Tehran has equipped its patrols with drones and longer-range missiles amid escalating tensions in the Strait of Hormuz
Iran has beefed up the weaponry of its naval forces, arming them with such tools as additional drones and precision missiles with ranges up to 1,000 kilometers (620 miles), amid rising tensions with the US over shipping traffic through the world oil market’s most crucial bottleneck.
The Iran Revolutionary Guard Corps (IRGC) Navy officially took possession of the new gear at a ceremony on Saturday, state-run media outlets reported. The systems include reconnaissance and combat drones, as well as electronic warfare equipment, truck-mounted missile launchers, and hundreds of cruise and ballistic missiles.
The announcement came after reports earlier this week that US military officials had drawn up unprecedented plans to place armed troops on commercial trips in the Strait of Hormuz. Just last month, the Pentagon announced deployments of additional fighter jets and naval assets to the Persian Gulf region in response to “alarming events,” such as Iranian seizures of commercial vessels.
Brigadier General Abolfazi Shekarchi, a spokesman for the Iranian military, denounced Washington’s proposed deployment of troops on private ships. “What do the Persian Gulf, the Gulf of Oman and the Indian Ocean have to do with America?” he told Iran’s Tasnim news agency. “What is your business here?”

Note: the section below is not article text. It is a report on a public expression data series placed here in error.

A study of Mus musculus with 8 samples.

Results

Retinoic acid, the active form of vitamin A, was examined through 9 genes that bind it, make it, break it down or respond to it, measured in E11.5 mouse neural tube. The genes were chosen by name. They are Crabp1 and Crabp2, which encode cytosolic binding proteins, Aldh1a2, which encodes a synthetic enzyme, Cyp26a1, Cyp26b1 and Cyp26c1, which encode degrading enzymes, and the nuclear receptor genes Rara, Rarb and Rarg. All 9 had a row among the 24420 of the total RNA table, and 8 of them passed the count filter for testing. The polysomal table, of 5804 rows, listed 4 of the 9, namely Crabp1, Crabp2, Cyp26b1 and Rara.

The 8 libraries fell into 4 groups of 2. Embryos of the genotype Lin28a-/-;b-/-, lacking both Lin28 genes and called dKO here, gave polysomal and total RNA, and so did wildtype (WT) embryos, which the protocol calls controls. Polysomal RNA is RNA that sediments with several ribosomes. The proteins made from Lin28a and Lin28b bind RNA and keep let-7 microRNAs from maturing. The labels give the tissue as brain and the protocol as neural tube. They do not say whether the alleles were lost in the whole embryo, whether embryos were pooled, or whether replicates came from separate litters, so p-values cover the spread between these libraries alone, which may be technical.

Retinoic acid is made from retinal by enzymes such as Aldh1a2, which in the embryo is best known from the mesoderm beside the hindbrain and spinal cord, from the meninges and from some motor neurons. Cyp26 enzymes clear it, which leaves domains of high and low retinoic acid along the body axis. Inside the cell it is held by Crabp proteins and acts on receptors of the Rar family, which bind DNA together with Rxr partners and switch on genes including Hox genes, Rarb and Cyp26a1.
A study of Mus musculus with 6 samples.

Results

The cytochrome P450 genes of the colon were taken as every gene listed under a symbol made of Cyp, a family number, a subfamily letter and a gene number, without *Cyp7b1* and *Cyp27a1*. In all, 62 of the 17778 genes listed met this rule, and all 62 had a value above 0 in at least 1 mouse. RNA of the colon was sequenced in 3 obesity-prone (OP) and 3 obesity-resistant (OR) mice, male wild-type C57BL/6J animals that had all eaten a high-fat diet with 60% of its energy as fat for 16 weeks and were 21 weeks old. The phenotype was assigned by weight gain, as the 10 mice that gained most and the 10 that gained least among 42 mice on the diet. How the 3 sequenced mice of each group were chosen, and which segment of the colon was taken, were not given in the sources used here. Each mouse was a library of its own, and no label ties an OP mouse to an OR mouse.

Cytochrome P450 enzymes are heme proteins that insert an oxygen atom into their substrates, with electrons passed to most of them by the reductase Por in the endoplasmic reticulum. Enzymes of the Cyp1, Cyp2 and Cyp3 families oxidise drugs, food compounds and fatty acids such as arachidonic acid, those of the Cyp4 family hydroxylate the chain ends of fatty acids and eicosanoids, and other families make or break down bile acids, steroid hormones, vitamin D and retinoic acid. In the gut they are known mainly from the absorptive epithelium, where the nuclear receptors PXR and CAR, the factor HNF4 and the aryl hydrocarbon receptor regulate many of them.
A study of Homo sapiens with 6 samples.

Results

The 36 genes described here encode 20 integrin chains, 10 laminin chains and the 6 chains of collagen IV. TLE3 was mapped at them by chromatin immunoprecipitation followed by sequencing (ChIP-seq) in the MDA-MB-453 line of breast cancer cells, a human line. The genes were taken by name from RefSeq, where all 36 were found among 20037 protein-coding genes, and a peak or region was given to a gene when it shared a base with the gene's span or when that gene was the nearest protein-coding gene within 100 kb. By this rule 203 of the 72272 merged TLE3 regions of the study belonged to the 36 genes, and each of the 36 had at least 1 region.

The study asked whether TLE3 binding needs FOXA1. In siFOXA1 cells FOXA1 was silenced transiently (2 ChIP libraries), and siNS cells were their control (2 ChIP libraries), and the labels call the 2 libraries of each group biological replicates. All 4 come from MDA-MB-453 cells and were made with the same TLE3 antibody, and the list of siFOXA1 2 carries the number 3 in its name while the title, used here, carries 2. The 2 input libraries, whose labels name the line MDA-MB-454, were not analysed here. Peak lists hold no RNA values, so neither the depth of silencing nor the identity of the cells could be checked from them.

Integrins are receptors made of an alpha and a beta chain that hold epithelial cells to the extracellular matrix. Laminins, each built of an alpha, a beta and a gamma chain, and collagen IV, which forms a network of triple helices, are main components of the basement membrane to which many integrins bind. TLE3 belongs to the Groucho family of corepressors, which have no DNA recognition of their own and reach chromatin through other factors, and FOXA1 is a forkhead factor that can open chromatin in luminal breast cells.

About 20% of the world’s oil supplies, or one-third of all seaborne crude shipments, go through the Strait of Hormuz, the narrow passage that connects the Persian Gulf to the Gulf of Oman and the Arabian Sea. Tehran typically accuses the operators of detained ships of shipping violations, such as oil smuggling. Some of the vessels have only been released after other countries free detained Iranian tankers.
The new missiles give the IRGC Navy better accuracy and longer range than it previously had available, commander Alireza Tangsiri said. “The cruise missiles can attack several targets simultaneously, and the commands can be altered after takeoff,” he added.
US-Iran tensions have risen since Washington pulled out of the Iran nuclear deal in 2018. Efforts to revive the agreement, known officially as the Joint Comprehensive Plan of Action (JCPOA), have failed, despite the change in US leadership when Joe Biden succeeded Donald Trump as president in January 2021.